New Delhi, 9 November 2009 – Nepal is granted US$120 million for the implementation of the School Sector Reform Plan. With an annual per capita income of about US$ 470 in 2008, Nepal is among the poorest countries in South Asia. Thirty percent of its children drop out of primary grades and hundreds of thousands of children do not attend school at all. The national education plan aims to address this by bringing the hardest to reach children into schools and reducing the financial burden on communities. The grant will also finance multi-lingual teaching and establish teachers’ compensation grants to help the decentralization of teacher hiring.
The announcement of EFA FTI initiative is an outcome of the Nepal March for Education, the month long march organised by Backward Society Education in Nepal (BASE Nepal), Bachpan Bachao Andolan, Global March Against Child Labour and other partners. During the flag-off ceremony on 8 September 2009, from Mahendranager Prime Minister of Nepal Madhav Kumar urged Mr. Satyarthi, Chairperson of Global March Against Child Labour to work on all fronts and involve Nepal in the Fast Track Initiative on Education for All. Mr. Satyarthi forwarded the Prime Minister’s request and presented the current situation of Nepal in the FTI Steering Committee meeting.
The Education for All Fast Track Initiative (EFA FTI) in its recent donor meeting in Rome announced that US$153.5 million is granted to Lesotho, Nepal and Tajikistan to support their programs to enroll children into school, have them complete a primary education and improve the quality of learning. The new funding will help to address the needs of approximately 1 million out-of-school children living in these countries.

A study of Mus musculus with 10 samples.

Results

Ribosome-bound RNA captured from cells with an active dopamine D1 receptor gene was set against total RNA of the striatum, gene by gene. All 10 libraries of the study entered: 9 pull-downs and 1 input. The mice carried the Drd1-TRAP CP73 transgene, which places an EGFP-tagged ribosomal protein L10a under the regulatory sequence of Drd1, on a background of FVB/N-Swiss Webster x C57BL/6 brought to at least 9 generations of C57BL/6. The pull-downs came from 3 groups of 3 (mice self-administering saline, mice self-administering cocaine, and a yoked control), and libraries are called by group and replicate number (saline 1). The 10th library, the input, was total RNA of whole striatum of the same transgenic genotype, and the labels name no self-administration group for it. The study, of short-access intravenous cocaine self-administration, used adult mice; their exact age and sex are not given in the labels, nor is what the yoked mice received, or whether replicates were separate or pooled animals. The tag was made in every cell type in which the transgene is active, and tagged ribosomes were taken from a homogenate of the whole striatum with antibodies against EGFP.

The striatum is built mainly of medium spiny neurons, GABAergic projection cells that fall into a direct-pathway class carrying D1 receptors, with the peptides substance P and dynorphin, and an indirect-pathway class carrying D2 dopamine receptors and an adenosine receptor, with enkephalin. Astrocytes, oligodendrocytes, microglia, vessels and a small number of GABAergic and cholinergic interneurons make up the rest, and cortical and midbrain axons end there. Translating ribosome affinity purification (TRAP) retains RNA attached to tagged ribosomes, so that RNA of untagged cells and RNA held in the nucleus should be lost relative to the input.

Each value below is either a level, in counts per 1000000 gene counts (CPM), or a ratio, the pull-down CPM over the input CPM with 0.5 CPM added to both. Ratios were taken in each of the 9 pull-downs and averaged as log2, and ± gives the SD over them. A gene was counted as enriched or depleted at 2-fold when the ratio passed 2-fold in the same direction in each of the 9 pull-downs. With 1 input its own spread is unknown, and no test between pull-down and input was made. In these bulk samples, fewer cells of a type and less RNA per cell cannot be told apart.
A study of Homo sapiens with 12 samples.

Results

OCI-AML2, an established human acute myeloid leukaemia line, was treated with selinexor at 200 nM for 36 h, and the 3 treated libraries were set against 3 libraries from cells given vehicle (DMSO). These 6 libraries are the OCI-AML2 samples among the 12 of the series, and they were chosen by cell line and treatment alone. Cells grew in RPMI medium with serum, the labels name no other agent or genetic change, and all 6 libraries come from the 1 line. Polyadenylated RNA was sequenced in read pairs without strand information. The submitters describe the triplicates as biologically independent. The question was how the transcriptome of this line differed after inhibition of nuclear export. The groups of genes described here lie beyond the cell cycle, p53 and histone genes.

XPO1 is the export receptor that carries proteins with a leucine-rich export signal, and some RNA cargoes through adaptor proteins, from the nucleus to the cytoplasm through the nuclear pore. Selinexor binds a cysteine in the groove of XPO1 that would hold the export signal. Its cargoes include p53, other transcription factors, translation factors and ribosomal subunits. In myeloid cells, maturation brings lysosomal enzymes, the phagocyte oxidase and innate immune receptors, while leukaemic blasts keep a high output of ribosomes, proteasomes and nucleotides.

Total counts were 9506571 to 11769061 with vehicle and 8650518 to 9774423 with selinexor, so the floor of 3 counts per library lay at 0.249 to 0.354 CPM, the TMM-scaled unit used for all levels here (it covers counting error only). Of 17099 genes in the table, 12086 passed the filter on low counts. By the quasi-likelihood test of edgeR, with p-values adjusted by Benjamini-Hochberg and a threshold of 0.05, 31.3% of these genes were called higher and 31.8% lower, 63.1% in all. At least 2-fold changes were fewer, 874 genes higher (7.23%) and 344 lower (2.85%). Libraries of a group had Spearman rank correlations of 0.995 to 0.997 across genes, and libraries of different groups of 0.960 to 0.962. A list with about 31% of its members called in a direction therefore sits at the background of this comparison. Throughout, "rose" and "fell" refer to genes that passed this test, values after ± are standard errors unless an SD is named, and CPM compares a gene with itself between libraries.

The grants come from the EFA FTI’s Catalytic Fund, a multilateral fund sponsored by 18 donors. It helps low-income countries that have FTI-endorsed national education strategies to scale-up their education investments.
A grant of US$13.5 million is approved for Tajikistan to support the National Strategy for Education Development. Tajikistan is a low-income country with extensive needs in basic education, despite the government’s strong commitment to Education for All. The grant will help build and rehabilitate schools and provide basic school materials to over 60,000 students. Supplementary reading materials will be provided to roughly one quarter of the country’s schools. The grant will also be used to provide extra training to 20,000 teachers every year.
“I congratulate the donors in the FTI Catalytic Fund Committee for granting over US$150 million to countries in three regions -- Africa, South Asia, and Central Asia -- to scale up the implementation of their plans to achieve the education for all targets,” says Robin Horn, World Bank Sector Manager for Education and Chair of the Catalytic Fund Committee. “What is especially significant about these country programs is that they are fully supported by the remarkably strong collaboration between government and local development partners, which is the hallmark of the EFA FTI Partnership.”
Mr. Satyarthi said that “It’s heartening to know that the money for children education has been allocated for Nepal and other countries. Nepal is going through a transition and all the people of Nepal are now ready for the democratic nation which is only possible through proper education. Nepal has become a source of trafficking in South Asia; children are being prostituted, abused and exploited. But EFA FTI contribution would definitely help in building a strong child friendly country.”